The Honda Inspire (Japanese: ホンダ・インスパイア, Hepburn: Honda Insupaia) is a mid-size sedan introduced by Honda in 1990 derived from Honda Accord chassis. The first Inspire debuted in 1990 as the Accord Inspire, a sister nameplate to the Honda Vigor, but sold at different retail channels in Japan, known as Honda Verno for the Vigor/Saber, and the Inspire at Honda Clio stores. The Inspire was developed during what was known in Japan as the Japanese asset price bubble or “bubble economy”.
In 1995, the Inspire was updated by the second generation model, on a platform it shared with the Honda Legend, and exported to the US as the Acura 3.2 TL, while the Vigor nameplate was replaced with the Honda Saber. The longitudinal 2.5 L straight-5 engine layout and platform remained and was sold as the Acura 2.5 TL.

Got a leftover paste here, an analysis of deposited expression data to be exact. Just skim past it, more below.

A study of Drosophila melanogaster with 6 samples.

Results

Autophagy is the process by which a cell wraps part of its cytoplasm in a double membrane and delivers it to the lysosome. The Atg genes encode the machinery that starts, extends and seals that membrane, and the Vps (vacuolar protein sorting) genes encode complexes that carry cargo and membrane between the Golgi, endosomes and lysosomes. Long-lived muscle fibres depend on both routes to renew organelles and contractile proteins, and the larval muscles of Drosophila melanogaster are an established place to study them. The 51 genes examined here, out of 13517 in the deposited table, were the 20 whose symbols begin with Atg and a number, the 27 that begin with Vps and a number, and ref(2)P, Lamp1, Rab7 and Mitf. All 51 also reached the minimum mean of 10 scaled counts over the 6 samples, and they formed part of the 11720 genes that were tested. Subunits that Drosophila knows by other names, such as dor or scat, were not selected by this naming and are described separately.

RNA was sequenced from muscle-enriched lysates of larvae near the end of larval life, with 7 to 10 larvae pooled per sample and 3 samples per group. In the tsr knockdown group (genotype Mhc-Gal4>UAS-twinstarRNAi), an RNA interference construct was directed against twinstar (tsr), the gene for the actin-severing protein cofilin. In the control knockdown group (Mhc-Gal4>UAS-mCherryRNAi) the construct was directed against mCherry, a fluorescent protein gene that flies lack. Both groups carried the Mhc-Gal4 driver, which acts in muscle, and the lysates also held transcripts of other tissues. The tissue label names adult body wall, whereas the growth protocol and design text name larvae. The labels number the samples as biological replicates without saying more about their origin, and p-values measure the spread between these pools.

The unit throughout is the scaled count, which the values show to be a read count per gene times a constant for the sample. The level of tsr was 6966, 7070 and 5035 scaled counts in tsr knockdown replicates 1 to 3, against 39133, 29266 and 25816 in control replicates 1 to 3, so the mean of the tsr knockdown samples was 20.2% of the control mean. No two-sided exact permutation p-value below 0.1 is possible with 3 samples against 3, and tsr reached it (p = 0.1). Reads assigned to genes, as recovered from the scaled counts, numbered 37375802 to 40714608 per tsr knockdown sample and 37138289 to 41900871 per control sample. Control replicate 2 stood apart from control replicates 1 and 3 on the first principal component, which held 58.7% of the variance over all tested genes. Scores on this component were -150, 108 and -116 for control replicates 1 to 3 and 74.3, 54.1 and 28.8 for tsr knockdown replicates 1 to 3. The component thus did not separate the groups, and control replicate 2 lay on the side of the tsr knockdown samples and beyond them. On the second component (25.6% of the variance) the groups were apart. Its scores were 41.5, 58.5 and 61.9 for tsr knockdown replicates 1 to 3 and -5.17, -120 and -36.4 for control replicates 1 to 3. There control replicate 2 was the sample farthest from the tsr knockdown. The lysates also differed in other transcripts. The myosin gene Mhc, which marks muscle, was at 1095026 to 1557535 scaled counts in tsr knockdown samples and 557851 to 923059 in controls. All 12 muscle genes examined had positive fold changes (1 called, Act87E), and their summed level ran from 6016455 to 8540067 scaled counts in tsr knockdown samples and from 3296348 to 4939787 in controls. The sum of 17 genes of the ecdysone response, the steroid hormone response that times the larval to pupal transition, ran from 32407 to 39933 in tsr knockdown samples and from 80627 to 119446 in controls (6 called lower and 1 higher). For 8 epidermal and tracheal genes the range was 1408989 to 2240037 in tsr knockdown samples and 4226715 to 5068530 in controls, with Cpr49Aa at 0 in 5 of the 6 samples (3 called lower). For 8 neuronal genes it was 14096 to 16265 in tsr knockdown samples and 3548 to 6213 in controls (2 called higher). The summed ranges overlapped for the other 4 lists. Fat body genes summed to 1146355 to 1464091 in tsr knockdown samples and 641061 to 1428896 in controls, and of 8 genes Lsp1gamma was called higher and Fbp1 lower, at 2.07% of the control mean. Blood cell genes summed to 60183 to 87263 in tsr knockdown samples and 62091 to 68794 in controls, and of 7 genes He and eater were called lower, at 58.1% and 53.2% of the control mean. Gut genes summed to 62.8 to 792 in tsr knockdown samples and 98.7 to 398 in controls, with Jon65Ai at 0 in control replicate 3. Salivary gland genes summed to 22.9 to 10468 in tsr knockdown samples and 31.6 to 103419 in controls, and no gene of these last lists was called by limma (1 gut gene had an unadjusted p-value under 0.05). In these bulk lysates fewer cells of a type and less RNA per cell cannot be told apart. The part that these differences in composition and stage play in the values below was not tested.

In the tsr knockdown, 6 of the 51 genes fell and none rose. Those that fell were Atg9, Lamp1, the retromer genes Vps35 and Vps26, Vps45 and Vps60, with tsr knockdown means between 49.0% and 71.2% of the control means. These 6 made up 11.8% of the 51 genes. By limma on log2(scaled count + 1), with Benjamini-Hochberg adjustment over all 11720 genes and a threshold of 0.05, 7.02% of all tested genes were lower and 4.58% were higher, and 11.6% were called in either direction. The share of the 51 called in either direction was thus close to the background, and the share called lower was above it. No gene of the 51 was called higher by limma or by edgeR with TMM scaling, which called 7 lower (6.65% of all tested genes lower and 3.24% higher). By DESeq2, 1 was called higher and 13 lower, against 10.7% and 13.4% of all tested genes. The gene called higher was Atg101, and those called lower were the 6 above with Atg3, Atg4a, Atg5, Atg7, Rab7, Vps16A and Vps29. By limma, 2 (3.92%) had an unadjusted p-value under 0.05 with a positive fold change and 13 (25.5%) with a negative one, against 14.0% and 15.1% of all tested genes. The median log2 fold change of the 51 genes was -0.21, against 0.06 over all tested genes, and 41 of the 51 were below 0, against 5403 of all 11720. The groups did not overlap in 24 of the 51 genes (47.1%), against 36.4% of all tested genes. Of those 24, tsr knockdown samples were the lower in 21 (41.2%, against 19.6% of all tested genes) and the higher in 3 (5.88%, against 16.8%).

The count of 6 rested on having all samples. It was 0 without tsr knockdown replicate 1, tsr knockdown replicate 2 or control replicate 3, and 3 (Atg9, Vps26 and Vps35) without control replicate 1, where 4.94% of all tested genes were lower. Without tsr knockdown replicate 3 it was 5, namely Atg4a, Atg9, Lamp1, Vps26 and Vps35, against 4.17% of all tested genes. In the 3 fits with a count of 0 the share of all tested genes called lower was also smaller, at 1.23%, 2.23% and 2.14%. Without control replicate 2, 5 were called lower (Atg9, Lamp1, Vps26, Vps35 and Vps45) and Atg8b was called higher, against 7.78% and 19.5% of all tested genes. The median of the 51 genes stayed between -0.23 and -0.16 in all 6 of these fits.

In 1999, these cars were replaced by the third generation TL that was based on the US-spec Accord platform, and largely designed and engineered in the US by Honda R&D Americas, Inc. in Raymond, Ohio. Manufactured in the US, these were imported into Japan as the new Inspire and Saber.
In June 2003, the fourth generation Inspire was introduced in Japan derived from the North American Honda Accord V6. This Inspire marks the first time Honda introduced their Variable Cylinder Management technology. In October 2005, the fourth generation Inspire received a mild restyle, with new headlights, new taillights, revised interior and new colors. The Inspire targeted the Nissan Teana, the Toyota Mark X and numerous other entry level luxury cars from Japan.
In October 2007, the fifth generation of the Inspire was previewed at the Tokyo Auto Show. It is essentially a rebadged 2008 North American-market Accord with minor exterior and interior modifications.
In September 2012, after 6 generations and the introduction of the ninth-generation Accord, the Inspire ended production for a short period after 23 years before relaunching in 2018 as a China-only model based on the tenth-generation Accord.